The Centre for Life is a science village in Newcastle upon Tyne where scientists, clinicians, educationalists and business people work to promote the advancement of the life sciences. The centre is a registered charity, governed by a board of trustees, which receives no public funding.
The Centre was opened by the Queen in May 2000. In March 2009 the centre was the main venue for the UK's first Maker Faire, run as part of the Newcastle ScienceFest. The 2010 Newcastle Maker Faire was held at the Centre for Life and the nearby Discovery Museum. Maker Faire UK returned to the Centre for Life in 2013, at which over 300 hackers, crafters, coders, DIYers and inventors presented their projects alongside installations and drop-in workshops. Maker Faire UK is now an annual event, taking place on the last weekend of April each year at Life Science Centre.
The Life Science Centre is a visitor attraction at the International Centre for Life. It has a changing programme of events made up of temporary and permanent exhibitions, a Science Theatre, a planetarium and a 4D Motion Ride.
The centre provides employment for some 600 people. Partners in the Centre for Life include Newcastle University. The Curiosity Zone is a 100% hands-on exhibition which encourages creativity and experimentation, inviting visitors to play with the exhibits, collaborating and communicating to make discoveries and creations, while the Experiment Zone allows visitors to try out laboratory-style experiments such as DNA extraction and the Brain Zone explores how the human brain works.
Each year a new temporary exhibition is hosted or launched in May, often a major touring exhibition such as Body Worlds Vital in 2014. In the winter months, Times Square is host to an open-air ice rink.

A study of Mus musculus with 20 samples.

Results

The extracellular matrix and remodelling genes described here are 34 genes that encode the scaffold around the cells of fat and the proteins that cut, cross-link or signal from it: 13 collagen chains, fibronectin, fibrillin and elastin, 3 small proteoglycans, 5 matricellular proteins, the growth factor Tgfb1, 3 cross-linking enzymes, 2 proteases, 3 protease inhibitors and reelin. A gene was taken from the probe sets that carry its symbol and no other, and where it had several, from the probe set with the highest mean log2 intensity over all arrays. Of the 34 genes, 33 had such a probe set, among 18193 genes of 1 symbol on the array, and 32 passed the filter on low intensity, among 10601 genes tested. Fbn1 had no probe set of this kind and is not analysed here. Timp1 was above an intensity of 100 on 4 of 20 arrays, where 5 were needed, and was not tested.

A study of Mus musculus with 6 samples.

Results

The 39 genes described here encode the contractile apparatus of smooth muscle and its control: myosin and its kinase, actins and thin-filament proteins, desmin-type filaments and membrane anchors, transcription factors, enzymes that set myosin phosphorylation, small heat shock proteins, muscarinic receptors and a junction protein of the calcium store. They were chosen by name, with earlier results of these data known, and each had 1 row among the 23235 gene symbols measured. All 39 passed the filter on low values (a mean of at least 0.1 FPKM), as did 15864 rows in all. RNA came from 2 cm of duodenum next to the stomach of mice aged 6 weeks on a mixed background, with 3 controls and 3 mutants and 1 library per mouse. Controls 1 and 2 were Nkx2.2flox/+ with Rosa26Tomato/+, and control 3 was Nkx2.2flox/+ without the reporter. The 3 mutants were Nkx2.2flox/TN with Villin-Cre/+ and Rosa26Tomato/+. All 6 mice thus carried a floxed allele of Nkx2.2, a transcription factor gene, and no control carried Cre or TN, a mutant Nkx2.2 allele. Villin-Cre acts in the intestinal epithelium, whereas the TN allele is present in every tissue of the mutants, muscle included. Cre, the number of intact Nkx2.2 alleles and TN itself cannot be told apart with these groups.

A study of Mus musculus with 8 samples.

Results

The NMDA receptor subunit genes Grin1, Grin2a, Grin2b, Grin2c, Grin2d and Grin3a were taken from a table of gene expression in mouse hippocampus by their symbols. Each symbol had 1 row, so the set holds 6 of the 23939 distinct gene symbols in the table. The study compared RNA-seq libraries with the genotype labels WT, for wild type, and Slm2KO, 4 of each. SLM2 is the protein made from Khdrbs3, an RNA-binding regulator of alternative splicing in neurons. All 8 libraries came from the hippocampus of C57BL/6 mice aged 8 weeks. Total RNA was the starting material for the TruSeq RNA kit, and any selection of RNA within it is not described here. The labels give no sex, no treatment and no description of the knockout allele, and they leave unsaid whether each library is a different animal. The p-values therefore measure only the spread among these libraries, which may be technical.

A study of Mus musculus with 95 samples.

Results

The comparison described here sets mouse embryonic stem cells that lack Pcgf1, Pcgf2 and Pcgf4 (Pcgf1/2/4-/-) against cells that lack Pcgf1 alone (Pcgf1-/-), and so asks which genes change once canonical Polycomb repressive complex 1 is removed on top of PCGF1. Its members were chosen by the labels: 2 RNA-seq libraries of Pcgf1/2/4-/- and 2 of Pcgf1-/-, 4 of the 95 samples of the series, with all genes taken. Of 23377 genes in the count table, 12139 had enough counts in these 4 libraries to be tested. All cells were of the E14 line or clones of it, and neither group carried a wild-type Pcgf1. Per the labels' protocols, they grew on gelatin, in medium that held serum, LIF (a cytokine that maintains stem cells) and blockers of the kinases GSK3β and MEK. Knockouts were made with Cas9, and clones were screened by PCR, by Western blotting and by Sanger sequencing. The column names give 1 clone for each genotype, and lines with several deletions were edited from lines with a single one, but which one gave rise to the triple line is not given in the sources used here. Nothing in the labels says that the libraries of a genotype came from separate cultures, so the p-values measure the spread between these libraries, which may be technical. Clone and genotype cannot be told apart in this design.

Newcastle Fertility Centre was established in 1991 at the RVI, later moving to the Centre for Life and officially opened by Professor Lord Robert Winston on 22 February 2000. As well as treating infertile couples, it carries out research and development into new fertility treatments.
Scientists based at The Centre for Life are the first people in Europe - and only the second in the world - to get a license for stem cell research on human embryos. The license will allow work on new treatments for conditions including diabetes, Alzheimer's disease and Parkinson's disease. In 2005 scientists based at the centre were the first to successfully clone a human embryo.
The NHS Northern Genetics Service is part of the Institute of Genetic Medicine. The main purpose of the Northern Genetics Service is to provide comprehensive and fully integrated clinical and laboratory services to the highest of standards that can help reduce the incidence of illnesses associated with genetic disease.